A new section of the Boardwalk in Atlantic City collapsed on Thursday.

Dilapidated sections of the Atlantic City Boardwalk along Absecon Inlet will not be demolished by Memorial Day as previously planned, officials said Friday.

“We’re all of the same mind to get rid of the eyesore and make it safe for people to swim and recreate on those beaches, but it just takes time because we’re dealing with state, federal and local processes,” Keith Mills, director of planning and development for Atlantic City, said Friday.

Mills spoke a day after a 40-foot section of Boardwalk fell into the water in front of the Flagship high-rise condominium complex at Grammercy Place and Maine Avenue.


The recent break occurred because a repair patch on one of the supports holding the wooden walkway over the water gave way, city Public Works Director Paul Jerkins said Thursday.

“That’s a first on that whole end. Even in the bad section, the columns are stable.” Mills said. “So it was totally unexpected.”

Contractors assessed the damage Friday morning to help officials decide whether to repair the Boardwalk, given other parts of it along the inlet are slated for demolition.

Mills could not comment on whether officials will bulldoze or tear down the section scrutinized Friday, and Jerkins and City Engineer Bill England were unavailable.

But Jerkins said previously that officials likely will demolish the newly collapsed area because they are leaning away from rebuilding the Boardwalk over the water in favor of reconstructing it as a walkway atop the bulkhead between the sand and street.

The entire project will cost at least $6 million, according to estimates previously compiled by city officials and reflected in the Atlantic City Tourism District Master Plan.

City officials have raised nearly double that amount — slightly more than $11 million — during the past decade to fix the Boardwalk there but ended up spending it on other things instead.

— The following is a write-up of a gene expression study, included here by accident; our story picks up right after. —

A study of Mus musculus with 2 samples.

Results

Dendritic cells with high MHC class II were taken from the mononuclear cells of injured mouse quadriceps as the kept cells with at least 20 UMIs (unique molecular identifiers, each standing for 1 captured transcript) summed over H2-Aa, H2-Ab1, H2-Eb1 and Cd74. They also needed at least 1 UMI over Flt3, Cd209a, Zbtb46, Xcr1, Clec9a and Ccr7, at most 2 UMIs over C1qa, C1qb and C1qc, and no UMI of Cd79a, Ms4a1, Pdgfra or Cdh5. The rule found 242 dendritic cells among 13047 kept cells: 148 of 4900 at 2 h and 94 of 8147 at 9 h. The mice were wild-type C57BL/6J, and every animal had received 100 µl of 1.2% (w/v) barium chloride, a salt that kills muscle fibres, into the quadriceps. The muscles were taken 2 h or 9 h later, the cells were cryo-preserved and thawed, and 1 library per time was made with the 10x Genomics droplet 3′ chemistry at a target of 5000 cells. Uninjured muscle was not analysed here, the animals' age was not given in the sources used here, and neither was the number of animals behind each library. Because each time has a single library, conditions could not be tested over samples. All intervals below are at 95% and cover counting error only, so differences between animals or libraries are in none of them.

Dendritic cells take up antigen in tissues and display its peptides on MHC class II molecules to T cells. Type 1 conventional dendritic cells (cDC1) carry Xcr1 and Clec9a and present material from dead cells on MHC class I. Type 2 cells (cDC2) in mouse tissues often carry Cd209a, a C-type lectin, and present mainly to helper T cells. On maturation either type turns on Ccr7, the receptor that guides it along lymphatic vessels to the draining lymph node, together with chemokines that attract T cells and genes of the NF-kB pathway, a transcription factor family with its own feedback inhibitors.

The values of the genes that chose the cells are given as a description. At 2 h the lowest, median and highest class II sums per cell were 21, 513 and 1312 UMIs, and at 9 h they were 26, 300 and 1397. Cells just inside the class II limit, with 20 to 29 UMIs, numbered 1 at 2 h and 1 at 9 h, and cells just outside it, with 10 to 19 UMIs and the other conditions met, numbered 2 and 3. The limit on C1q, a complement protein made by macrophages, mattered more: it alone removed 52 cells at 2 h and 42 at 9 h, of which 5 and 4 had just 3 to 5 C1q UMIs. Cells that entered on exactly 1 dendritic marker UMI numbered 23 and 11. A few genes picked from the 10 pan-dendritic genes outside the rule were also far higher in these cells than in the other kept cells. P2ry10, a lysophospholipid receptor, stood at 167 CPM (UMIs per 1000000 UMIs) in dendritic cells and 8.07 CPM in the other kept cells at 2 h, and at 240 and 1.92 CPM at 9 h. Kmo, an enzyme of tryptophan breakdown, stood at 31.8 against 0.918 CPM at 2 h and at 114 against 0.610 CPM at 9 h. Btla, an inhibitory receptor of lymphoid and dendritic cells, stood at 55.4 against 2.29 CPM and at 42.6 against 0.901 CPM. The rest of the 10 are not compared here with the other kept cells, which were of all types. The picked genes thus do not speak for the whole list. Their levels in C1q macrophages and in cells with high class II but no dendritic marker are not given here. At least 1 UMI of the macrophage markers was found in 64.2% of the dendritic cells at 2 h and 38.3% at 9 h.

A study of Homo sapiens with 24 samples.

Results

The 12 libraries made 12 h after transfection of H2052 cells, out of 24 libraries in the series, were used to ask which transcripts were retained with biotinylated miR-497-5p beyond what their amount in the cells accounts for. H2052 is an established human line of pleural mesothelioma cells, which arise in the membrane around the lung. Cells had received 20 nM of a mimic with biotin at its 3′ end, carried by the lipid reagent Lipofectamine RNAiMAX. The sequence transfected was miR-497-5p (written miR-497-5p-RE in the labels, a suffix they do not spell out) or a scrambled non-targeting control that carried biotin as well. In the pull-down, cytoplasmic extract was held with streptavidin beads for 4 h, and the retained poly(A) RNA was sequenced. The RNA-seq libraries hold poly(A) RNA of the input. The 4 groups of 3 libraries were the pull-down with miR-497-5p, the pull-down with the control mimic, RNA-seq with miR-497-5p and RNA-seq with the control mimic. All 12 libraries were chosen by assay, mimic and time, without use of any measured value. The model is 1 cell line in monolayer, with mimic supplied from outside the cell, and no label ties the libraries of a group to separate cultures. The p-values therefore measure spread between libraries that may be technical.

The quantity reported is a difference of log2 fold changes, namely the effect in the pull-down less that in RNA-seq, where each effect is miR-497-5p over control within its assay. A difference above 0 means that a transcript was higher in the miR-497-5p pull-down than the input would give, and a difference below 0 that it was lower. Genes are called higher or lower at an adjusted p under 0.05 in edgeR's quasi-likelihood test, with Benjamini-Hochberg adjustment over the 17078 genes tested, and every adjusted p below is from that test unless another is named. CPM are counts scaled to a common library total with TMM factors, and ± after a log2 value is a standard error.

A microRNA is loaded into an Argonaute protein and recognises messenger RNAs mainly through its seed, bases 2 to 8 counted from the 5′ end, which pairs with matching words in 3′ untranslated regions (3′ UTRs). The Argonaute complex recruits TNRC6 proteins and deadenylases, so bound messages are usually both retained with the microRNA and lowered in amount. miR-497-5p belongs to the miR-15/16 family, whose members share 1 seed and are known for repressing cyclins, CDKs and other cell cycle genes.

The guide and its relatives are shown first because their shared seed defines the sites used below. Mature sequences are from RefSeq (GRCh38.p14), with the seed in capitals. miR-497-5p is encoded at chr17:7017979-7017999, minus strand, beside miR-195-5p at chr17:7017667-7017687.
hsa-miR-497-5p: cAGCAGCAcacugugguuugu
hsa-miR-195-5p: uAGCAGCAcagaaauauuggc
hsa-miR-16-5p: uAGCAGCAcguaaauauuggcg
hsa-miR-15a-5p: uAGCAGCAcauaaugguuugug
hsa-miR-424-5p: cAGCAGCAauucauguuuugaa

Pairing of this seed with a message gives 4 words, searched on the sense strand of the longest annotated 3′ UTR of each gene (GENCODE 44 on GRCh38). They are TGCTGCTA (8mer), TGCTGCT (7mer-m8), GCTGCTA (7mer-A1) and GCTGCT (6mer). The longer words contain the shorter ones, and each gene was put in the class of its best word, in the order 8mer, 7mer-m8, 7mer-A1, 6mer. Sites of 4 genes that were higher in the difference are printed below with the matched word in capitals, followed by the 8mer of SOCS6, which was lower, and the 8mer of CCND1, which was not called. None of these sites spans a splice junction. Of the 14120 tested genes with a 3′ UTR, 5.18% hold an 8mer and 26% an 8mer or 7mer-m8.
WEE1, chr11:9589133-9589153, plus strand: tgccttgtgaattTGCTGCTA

The New Jersey Casino Reinvestment Development Authority now controls planning and development in the Tourism District, which includes the Boardwalk. The agency has provided $650,000 toward its demolition in the inlet, an undertaking expected to cost $1 million.

CRDA Deputy Director Susan Ney Thompson said previously that she hoped workers would finish tearing down the Boardwalk by the end of this month.

CRDA spokeswoman Kim Butler on Friday deferred to the city on where those plans stand.

The municipality won’t find out until June whether it will get a $150,000 grant from the National Oceanic and Atmospheric Administration, a City Hall memo shows.

If that money comes through, the city would start seeking proposals for the demolition in hopes that a contractor would be “hungry enough” to do the job for $800,000, Mills said.

But that project cannot even start until after the Coastal Research Center at Richard Stockton College finishes a sonar scan in that area to map debris and ensure all of it is removed, Mills said.

The city and Stockton have finalized the contract for the project, said Mills, who wasn’t sure how long it will take to complete.

Stockton officials did not respond to calls or emails seeking comment late Friday.

The Federal Emergency Management Administration also has provided the city with a $2.4 million grant for the redecking of the Boardwalk, bringing total secured funding for the entire undertaking to nearly $3.1 million of the $6 million estimated cost.